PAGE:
Paycheck Protection Program Developments, Week Ending June 12

Carol Beaumier, Senior Managing Director Risk and Compliance

On June 10, Secretary of Treasury Mnuchin and Small Business Administration (SBA) Administrator Carranza testified before the Senate Committee on Small Business and Entrepreneurship on the implementation of the CARES Act, including the Paycheck Protection Program (PPP). Later that day, the SBA released another interim final rule and updated Loan Forgiveness Applications, primarily to implement the changes and requirements included in the Paycheck Protection Flexibility Act (PPFA), which was signed into law on June 5.

Both Secretary Mnuchin and Administrator Carranza lauded PPP in their written testimonies:

  • While admitting that the PPP had a bumpy start, Secretary Mnuchin praised the program for keeping “tens of millions of employees connected to their jobs,” and cited a National Federation of Independent Business finding that 73% of its members surveyed rehired or retained workers due to the PPP.
  • Administrator Carranza cited the number of interim final rules (16) and other guidance (e.g., 48 FAQs) issued by the SBA in conjunction with the Treasury Department, as well as the number of new lenders approved (more than 3,600) and actions taken to ensure that small lenders and the small businesses they serve had adequate access to available funds.

Mnuchin, to the displeasure of some Committee members, refused to disclose the recipients of PPP loans on the grounds of confidentiality and privacy even though the borrower application cautions that loans may be disclosed. He did volunteer that $12 billion in funds were returned after pressure on larger firms that did not need the funds and/or had other funding sources available. He signaled that the Administration plans to loosen PPP restrictions on borrowers with criminal records (discussed below) and is open to further modifications. There is broad bipartisan support for additional PPP funding, including, among other ideas, allowing borrowers to apply for a second PPP loan.

Finally, Mnuchin suggested that new forgiveness forms would make it much easier for businesses to convert loans into grants and predicted that the modified forgiveness rules included in the PPFA would spur demand for the $130 billion in funds remaining for the program, especially from restaurants.

Late in the evening of June 10, the SBA released an interim final rule (IFR) to implement the PPFA. The IFR:

  • Confirms that the 60% forgiveness threshold for payroll costs is not a cliff event and borrowers that use less than 60% during the forgiveness covered period will still be eligible for partial loan forgiveness.
  • Extends the loan forgiveness period from eight weeks to 24 weeks and extends the end date of the “covered period” for a PPP loan from June 30, 2020 to December 31, 2020. (For loans made prior to June 5, 2020, borrowers may opt to keep the forgiveness period at eight weeks.)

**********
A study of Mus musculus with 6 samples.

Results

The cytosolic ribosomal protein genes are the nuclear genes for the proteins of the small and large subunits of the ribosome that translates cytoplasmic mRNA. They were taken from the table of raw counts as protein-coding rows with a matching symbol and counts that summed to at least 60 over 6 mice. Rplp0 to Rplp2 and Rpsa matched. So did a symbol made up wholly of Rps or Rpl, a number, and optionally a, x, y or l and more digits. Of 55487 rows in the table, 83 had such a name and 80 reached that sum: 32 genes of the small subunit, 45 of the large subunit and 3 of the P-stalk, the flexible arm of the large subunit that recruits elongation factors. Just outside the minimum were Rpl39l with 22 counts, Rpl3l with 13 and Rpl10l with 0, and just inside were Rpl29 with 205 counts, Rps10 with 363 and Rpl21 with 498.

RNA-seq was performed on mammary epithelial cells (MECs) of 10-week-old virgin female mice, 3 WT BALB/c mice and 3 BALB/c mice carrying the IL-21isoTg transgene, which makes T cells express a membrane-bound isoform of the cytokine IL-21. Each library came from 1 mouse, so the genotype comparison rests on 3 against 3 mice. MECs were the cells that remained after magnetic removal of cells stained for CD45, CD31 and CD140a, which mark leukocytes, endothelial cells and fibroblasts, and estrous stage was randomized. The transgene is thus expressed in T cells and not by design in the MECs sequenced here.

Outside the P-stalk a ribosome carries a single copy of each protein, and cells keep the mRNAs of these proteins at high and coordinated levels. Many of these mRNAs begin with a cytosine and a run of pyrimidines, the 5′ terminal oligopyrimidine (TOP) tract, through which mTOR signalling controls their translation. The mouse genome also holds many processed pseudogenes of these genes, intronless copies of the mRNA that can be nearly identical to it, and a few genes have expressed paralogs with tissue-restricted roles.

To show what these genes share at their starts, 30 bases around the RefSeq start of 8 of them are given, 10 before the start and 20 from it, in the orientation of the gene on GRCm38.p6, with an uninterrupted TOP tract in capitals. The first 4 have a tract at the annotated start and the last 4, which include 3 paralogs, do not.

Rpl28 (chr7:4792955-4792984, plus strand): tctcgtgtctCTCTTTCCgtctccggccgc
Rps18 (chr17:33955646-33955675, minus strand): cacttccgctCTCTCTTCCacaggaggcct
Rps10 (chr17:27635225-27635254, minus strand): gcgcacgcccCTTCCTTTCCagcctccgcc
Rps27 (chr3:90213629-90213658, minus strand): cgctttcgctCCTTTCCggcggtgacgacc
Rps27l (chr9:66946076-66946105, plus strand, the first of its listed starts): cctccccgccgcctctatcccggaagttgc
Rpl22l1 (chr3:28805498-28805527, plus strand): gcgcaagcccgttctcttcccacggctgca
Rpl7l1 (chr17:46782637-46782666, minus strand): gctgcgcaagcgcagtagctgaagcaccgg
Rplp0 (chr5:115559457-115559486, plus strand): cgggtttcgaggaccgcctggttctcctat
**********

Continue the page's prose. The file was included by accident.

• Provides a five-year maturity for loans made on or after June 5, 2020 and provides an option for loans made prior to that date to extend maturity from two years to five years at the mutual agreement of the borrower and lender.
  • Clarifies that if a borrower submits its forgiveness application within 10 months of the end of the loan forgiveness period, the borrower will not have to make any payments on the loan before the date SBA remits the forgiven amount to the lender.
  • Confirms that the last day a lender can obtain an SBA loan number for a PPP loan is June 30, 2020.

Concurrently with the release of the new IFR, the SBA also released updated, streamlined borrower and lender application forms for loans made after June 5, 2020.

The SBA also indicated that it would need to issue additional revisions to its interim final rules on loan forgiveness and loan review procedures to address changes made by the PPFA. 

Applicants With Prior Felony Convictions

On June 12, 2020, the SBA released a new interim final rule (IFR), a revised borrower application and a revised lender guaranty form to expand eligibility of PPP for applicants with prior felony convictions. Prior to this modification, businesses were ineligible for PPP loans if 20% or more of their equity was owned by someone who had been convicted of a felony in the past five years. Under the new IFR, the prohibition is reduced to one year for businesses whose owners have been convicted of non-financial felonies. The five-year period remains in place for felonies involving fraud, bribery, embezzlement or false statements on applications for loans or federal assistance. The IFR is effective immediately without a public comment period.

The initial interpretation of eligibility of felons in PPP was contrary to other SBA programs which don’t impose an outright ban on applicants with felonies but do subject them to a “good character” evaluation. With the recent change, more felons will be eligible to apply for PPP loans, though they may still encounter challenges with existing client on-boarding standards.